Sunday, May 13, 2007

Benefits and cheats

As I wandered to the cigarette shop this evening, I saw, on the back of a bus, an advertisement which read as follows...
Benefit cheats have their hands in your pockets.

Well, yes, this is true; benefit cheats are indeed scamming the money of hardworking taxpayers. However, it is also worth reminding ourselves of who takes that money in the first place—a projected £190 billion for 2007/08—and who runs systems so lax and inefficient that it allows for such cheating, i.e. the fucking government.

One of the main problems, of course, is that the benefits system is ludicrously complicated. Like the tax system, it needs to be severely simplified. The simpler the system, the more difficult it is to defraud and, just as importantly, the easier it is for the government to spot that fraud.

Besides, if those famous posters are to be believed, the problem is, in the main, that people are working whilst still claiming benefits.

The solution should be obvious: the Citizens' Basic Income. This system cuts fraud at a stroke, because one of the central tenets of the idea is that people are still entitled to the CBI when they have a job. So no fraud and, incidentally, a considerable cut in the amount of money spent on advertising to encourage us to shop benefit cheats.

9 comments:

Kit said...

"So no fraud..."
Rubbish. Just as hundreds of thousands of Scots disappeared during the poll tax, millions will magical appear to claim CBI.
You will need ID cards and intrusive access into everyone's lives. Whatever happened to small government?
There is a reason why Polly likes the idea.

googler said...

If you simplify the whole system then hundreds of thousands of government employees will be made redundant!

Great idea.

Anonymous said...

I find your new revamped webpage less easy to read with the two different colours dividing the page of text.

James said...

Kit said:

"Rubbish. Just as hundreds of thousands of Scots disappeared during the poll tax, millions will magical appear to claim CBI.
You will need ID cards and intrusive access into everyone's lives. Whatever happened to small government?
There is a reason why Polly likes the idea."

Can you explain your reasoning behind this statement as I don't understand it?

DK, love the new layout - you can't please everyone.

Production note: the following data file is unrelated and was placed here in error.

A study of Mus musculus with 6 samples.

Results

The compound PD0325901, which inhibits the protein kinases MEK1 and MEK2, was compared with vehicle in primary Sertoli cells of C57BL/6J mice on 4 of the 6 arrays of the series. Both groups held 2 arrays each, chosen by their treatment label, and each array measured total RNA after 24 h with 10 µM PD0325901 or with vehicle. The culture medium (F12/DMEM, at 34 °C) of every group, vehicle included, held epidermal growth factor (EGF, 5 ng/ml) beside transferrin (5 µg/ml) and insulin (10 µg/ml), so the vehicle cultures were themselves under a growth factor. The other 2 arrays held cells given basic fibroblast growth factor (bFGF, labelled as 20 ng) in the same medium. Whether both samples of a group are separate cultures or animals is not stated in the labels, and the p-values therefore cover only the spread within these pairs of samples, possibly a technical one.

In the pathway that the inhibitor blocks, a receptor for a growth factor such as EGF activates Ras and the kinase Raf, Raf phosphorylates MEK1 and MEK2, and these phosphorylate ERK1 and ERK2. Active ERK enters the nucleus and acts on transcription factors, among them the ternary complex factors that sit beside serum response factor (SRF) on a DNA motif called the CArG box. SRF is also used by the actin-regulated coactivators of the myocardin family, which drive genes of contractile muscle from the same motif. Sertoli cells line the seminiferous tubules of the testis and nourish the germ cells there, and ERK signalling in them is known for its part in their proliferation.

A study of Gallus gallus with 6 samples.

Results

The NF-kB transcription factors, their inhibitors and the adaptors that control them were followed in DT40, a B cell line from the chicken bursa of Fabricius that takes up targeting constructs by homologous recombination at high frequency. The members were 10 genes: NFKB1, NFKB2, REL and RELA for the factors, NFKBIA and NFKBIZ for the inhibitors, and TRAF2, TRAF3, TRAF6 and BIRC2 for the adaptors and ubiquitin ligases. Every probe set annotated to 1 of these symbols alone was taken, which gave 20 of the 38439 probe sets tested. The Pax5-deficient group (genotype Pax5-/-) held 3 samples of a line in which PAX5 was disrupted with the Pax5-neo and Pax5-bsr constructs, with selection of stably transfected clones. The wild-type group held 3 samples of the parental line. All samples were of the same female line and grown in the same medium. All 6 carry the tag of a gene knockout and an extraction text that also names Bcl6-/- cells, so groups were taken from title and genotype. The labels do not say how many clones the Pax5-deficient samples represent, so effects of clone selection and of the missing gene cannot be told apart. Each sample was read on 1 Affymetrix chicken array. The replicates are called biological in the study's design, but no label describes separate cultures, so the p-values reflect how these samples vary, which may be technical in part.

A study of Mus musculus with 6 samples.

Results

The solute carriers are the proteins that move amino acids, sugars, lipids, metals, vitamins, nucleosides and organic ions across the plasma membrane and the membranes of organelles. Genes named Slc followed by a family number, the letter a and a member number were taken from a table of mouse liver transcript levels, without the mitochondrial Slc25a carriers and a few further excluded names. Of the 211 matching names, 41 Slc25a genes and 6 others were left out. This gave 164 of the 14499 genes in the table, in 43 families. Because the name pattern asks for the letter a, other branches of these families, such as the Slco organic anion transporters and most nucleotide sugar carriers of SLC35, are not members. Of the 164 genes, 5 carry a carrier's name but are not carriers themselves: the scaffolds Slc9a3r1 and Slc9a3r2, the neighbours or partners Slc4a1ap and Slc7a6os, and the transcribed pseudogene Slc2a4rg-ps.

David said...

I have an even simpler idea. No State hand outs at all.

Roger Thornhill said...

CBI does make sense from the point of simplicity but I have not seen (but interested to see) ideas on how to control identity synthesis without DNA records to prevent duplication.

ID theft is simple enough to catch (i.e. your payments go awol) but who is to say someone does not collect CBI from multipe IDs.

As to working while claiming, to me that is a convenient diversion and pandering to the Mailistas. The real problem is the fact that the "safety net" has become a hammock comfortable enough to be born into, live and raise the next generation.

ENGLISHMAN said...

And why are none of our "british countrymen" never featured in these advertisements,just how does a corner shop owner afford a half million pound house?

Sisyphus said...

Worth pointing out the obvious - that 'the work shy benefit cheats' only account for a small percentage of UK spending on welfare, a fact that the mass media usually ignore when reporting on this topic.

Go here http://www.mediahell.org/costofthings.htm for some (somewhat out of date) stats.

And The Devil already knows that I support a CBI :-)

Robert said...

I'm in favour of these benefit cheats. If it wasn't for pick-pockets, I would have no sex life.

There was an interesting piece on the BBC's From Our Own Correspondent last week, about a county in the US that has abolished welfare. Instead, all their welfare spending goes on super job centres that find people work. The scheme is actually quite good at finding prople long term employment... but there is no actual reduction in welfare spending. But those in favour argue that this is better, since people have a greater self esteem. I will look for the link, but the BBC search facility is rubbish.